I have been planning for some time to connect up the TV to the Net. There are loads of reasons, such as being able to catchup with BBC iPlayer programmes older than the meagre 7 days that you get from the iPlayer application on the Virgin Media V+ Box. Also, as the sound goes through a surround sound system rather than through the TV's own speakers, I could also use it to play my Spotify favourites. All I would need would be a PC under the TV, connected to the network, the PC Monitor input of the TV and the audio to the surround sound system.
However, this places the PC a long way from where we would be sat, so how to control the PC and select the entertainment of choice? The answer would seem to be a wireless keyboard and mouse but, when sat on a sofa, a mouse is probably not the most useful of options. What would be ideal would be a keyboard with a built-in mouse.
Enter the Emprex Wireless Media Control Keyboard with Trackball.
I spotted this at our local Maplins for the princely sum of £39.99. There were other similar keyboards on offer there at the same price and higher. I chose this one because of it's seeming neat design. I nearly chose a different one that had a trackpad rather than a trackball but it let itself down by placing the mouse buttons on the right, below the trackpad rather than where I wanted them, on the left, where I could operate the buttons with my left thumb whilst moving the cursor with with the trackball with my right.
Installing the new keyboard is as simply as plugging the wireless receiver into a vacant USB slot and then pressing any key on the keyboard whilst holding it within a meter. Once so paired, the keyboard has an operational range, so they say, of 10 metres. I can't confirm this as I can't get anywhere near that far away from the TV!
The keyboard is powered by four AA batteries inserted in a compartment beneath the rear of the keyboard. Energizer batteries are supplied but I shall be using rechargeables when they run out. Plugging them in and pressing the On button produces no visible signs of life; you only know if it's working by the flashing blue light on the receiver whenever you hit a key on the keyboard, and by activity on the screen.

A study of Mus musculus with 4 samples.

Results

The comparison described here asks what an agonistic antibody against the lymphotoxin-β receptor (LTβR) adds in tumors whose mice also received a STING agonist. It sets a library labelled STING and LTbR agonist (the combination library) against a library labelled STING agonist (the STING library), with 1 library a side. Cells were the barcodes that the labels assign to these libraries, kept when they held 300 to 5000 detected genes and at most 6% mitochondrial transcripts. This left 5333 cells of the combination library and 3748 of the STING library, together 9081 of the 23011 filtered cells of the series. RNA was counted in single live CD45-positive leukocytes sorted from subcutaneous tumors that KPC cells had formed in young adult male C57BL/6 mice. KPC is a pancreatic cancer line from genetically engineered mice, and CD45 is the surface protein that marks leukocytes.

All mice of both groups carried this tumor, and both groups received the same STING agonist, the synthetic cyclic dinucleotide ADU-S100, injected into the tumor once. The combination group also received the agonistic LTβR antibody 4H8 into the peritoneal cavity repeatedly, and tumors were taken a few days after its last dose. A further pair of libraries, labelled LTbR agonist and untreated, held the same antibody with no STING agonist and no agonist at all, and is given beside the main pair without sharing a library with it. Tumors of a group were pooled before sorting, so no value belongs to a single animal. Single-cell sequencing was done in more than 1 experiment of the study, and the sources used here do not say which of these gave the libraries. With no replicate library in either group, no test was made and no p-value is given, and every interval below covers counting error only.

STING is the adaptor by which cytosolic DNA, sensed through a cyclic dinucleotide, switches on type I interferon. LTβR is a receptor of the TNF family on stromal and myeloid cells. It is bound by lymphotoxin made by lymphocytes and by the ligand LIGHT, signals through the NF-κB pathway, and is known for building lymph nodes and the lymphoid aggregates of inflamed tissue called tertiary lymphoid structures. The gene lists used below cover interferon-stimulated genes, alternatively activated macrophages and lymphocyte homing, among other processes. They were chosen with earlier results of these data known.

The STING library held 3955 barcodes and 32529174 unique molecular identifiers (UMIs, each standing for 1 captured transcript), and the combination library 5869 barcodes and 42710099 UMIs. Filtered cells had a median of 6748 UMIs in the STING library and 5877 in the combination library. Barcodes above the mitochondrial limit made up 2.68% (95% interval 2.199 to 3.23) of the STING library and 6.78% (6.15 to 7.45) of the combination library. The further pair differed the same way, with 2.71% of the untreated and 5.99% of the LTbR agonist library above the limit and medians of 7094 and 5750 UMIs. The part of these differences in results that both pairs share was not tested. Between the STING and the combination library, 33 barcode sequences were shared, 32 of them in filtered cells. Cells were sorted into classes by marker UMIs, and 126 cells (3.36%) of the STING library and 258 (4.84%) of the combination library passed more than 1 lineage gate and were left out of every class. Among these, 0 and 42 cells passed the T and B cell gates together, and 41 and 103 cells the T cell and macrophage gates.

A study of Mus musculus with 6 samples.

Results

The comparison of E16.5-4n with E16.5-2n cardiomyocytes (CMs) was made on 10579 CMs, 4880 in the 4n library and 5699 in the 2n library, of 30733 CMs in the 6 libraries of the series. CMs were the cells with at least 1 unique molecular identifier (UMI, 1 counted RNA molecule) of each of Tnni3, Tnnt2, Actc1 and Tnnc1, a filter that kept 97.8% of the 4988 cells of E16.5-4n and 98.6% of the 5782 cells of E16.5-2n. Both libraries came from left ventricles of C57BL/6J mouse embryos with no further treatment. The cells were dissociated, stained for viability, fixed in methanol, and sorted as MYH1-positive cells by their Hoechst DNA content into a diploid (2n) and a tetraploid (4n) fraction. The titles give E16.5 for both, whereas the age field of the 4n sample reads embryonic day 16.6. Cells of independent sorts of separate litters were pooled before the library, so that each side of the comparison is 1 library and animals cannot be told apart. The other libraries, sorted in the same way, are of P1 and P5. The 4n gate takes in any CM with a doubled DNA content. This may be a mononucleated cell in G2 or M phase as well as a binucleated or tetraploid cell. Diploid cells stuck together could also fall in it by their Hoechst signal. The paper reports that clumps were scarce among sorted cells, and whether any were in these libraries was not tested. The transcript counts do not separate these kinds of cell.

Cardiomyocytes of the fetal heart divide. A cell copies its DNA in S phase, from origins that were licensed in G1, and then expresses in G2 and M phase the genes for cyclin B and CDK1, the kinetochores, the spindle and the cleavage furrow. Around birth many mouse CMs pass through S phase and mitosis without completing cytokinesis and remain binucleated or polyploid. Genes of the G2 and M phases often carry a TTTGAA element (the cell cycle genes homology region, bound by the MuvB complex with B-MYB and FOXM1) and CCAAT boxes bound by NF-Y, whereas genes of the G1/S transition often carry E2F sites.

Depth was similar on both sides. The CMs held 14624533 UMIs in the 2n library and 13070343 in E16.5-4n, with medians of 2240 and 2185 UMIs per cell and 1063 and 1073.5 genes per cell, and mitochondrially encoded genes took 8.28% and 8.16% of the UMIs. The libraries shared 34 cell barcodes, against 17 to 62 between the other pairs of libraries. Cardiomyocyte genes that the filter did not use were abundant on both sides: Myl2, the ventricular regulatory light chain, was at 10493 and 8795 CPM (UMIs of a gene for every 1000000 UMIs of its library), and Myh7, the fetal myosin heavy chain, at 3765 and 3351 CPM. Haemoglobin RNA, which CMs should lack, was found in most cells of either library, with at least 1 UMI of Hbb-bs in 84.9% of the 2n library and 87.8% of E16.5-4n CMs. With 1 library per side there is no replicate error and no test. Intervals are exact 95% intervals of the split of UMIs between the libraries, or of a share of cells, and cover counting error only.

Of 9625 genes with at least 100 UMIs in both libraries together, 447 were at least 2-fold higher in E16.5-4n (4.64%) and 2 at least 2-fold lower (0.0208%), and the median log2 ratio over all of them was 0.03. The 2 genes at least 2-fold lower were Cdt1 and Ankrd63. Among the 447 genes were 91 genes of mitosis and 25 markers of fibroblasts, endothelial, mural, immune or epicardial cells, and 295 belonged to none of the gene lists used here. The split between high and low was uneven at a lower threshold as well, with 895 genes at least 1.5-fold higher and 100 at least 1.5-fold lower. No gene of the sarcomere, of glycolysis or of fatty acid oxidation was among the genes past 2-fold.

Indeed, if I have one major gripe with this keyboard it is that it has no warning lights of any kind, other than a "Battery Low" indicator, next to the On/Off button. This is a bit annoying as you don't get any indication of whether or not you have hit the Num Lock/Caps Lock button and this can cause all sorts of mayhem when entering passwords! I have had to resort to installing a bit of freeware to indicate the status of these buttons, on the screen.
Otherwise, the keyboard seems of good design. The layout is a bit different from the one to which I am used but that's a minor problem. The keyboard width is just right to operate in your hands when using just the mouse functions and is just wide enough to sit comfortably on you lap when typing. There is no numeric keypad but then how often do you use that anyway?
The one addition to the keyboard is the row of buttons across the top above the function keys. These are all for use with media applications designed to work with them, in particular when run on Windows Media Center Edition, which I don't have.
So far the keyboard seems to fit the bill. Other than the non-existence of any indicator LEDs, the only other complaint I have is that there is nowhere to store the wireless receiver when removed from the PC. I have resorted to sticking it in a recess on the underside of the keyboard with a piece of BluTac. It does the job!
So, if you're looking to a combination wireless keyboard and mouse then this one, whilst not perfect, seems to be a decent choice and at a reasonable price.